On one hand this winter has been one of the warmest, on the other it is turning out to be the foggiest in the past many years.
The Delhi airport has already witnessed nearly 130 hours of dense fog. Apart from passengers getting stranded for hours, airlines too have lost money to the tune of Rs 10 crore, thanks to fog.
Last winter, Delhi’s Indira Gandhi International Airport saw just 10 hours of dense fog, which was the lowest in many years. This winter, it has already witnessed 128 hours of dense fog, spread over 10 days in December 2008 and 12 days in January 2009.
The number of flights delayed due to fog this winter runs into a couple of thousand and an unprecedented number of flights — 120 — were diverted to other airports. And the fog season is not officially over yet.
The last time IGI Airport saw such dense fog was in 2004. “This is the first time after the 2004-05 winter that IGIA has witnessed more than 100 hours of dense fog,” said R.K. Jenamani, Director-in-charge, IGIA met unit.
“The wind has been very calm throughout this period and there have been western disturbances at frequent intervals, which led to fog.”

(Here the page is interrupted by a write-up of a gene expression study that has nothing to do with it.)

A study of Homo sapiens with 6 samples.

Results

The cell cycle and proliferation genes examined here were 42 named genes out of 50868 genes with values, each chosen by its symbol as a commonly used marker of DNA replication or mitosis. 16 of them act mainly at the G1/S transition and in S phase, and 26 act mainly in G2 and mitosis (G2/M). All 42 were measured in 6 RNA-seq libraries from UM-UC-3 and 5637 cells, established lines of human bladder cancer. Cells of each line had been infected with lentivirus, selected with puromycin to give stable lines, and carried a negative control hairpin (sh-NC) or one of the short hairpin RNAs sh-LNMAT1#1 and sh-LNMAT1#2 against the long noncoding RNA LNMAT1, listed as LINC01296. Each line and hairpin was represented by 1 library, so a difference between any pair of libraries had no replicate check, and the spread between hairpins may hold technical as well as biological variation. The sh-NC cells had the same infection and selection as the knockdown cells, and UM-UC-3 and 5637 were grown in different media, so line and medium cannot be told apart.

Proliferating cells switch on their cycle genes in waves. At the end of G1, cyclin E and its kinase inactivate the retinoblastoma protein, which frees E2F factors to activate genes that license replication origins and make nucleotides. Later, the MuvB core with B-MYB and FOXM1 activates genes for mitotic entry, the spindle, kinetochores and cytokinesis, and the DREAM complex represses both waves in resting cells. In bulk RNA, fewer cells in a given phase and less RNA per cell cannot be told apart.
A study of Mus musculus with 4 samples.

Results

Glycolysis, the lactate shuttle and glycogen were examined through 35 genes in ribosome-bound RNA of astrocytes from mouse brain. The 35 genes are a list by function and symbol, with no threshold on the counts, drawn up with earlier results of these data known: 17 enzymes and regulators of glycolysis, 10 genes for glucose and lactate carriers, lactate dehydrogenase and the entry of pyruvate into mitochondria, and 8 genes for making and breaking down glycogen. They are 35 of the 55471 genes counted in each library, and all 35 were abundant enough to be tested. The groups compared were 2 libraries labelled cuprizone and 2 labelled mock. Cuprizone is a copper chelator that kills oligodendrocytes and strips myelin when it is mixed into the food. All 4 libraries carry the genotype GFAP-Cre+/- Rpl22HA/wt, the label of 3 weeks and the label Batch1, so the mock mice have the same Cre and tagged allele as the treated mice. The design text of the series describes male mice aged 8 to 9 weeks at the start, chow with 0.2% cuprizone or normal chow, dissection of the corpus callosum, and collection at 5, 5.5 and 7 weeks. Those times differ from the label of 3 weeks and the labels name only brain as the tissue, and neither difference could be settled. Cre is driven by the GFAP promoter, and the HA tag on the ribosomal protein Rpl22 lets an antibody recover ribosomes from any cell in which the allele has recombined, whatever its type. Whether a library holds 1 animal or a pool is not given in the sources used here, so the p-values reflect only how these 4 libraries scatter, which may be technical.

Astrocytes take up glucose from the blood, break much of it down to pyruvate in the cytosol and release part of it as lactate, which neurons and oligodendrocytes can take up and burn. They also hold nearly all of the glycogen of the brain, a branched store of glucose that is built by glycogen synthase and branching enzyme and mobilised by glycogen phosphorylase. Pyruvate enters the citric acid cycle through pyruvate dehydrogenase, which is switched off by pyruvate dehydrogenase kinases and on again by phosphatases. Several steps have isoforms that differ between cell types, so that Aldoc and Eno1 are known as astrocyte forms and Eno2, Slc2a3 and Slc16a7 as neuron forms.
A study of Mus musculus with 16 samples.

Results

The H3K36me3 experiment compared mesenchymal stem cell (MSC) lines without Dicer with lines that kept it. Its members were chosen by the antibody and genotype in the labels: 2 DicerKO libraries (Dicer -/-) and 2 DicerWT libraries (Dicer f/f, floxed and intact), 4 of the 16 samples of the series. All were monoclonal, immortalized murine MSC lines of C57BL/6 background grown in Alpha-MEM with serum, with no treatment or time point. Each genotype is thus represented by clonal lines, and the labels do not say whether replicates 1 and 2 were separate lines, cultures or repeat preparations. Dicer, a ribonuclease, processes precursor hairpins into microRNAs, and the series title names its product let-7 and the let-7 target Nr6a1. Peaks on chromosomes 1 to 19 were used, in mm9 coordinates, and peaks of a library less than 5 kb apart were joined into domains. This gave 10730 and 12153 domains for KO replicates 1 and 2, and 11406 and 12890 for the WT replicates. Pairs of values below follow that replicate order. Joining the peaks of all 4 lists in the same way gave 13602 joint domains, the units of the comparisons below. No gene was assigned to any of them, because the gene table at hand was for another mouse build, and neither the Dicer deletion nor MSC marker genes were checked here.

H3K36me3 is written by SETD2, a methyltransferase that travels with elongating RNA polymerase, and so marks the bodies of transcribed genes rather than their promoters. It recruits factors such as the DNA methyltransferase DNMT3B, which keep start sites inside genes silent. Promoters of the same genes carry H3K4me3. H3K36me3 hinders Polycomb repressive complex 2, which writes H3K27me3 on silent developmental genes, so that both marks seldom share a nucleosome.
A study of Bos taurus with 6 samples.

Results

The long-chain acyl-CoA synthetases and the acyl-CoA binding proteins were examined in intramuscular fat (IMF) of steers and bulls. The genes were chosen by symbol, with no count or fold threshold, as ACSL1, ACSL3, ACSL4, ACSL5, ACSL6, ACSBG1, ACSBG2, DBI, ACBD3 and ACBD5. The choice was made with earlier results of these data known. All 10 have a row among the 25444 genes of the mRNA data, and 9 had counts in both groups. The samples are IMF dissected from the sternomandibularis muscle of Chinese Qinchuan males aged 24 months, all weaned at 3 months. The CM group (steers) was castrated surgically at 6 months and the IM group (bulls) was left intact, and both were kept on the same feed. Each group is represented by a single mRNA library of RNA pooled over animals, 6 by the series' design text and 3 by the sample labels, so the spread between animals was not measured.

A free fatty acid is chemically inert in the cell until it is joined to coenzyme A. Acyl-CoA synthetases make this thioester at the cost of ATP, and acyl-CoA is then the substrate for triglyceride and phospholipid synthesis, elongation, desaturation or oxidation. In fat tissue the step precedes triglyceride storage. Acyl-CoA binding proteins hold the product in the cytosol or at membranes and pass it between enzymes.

Airlines too have lost a lot of money due to fog after nearly 120 flights were diverted and aircrafts had to hover above the airport due to congestion. “We lose Rs 3 lakh for each hour of extra flying. A plane is diverted to Jaipur due to fog means one hour of flying and coming back to Delhi and one and a half hours if it is sent to Lucknow airport,” said an official of a full cost airline, who didn’t wish to be named.
“Also, almost all arrivals during the fog period have to hover about one hour above the airport before they land due to congestion. This leads to unnecessary burning of fuel and add to cost,” he said.
Going by the figure of planes diverted, airlines have lost about Rs 5 crore just on that account.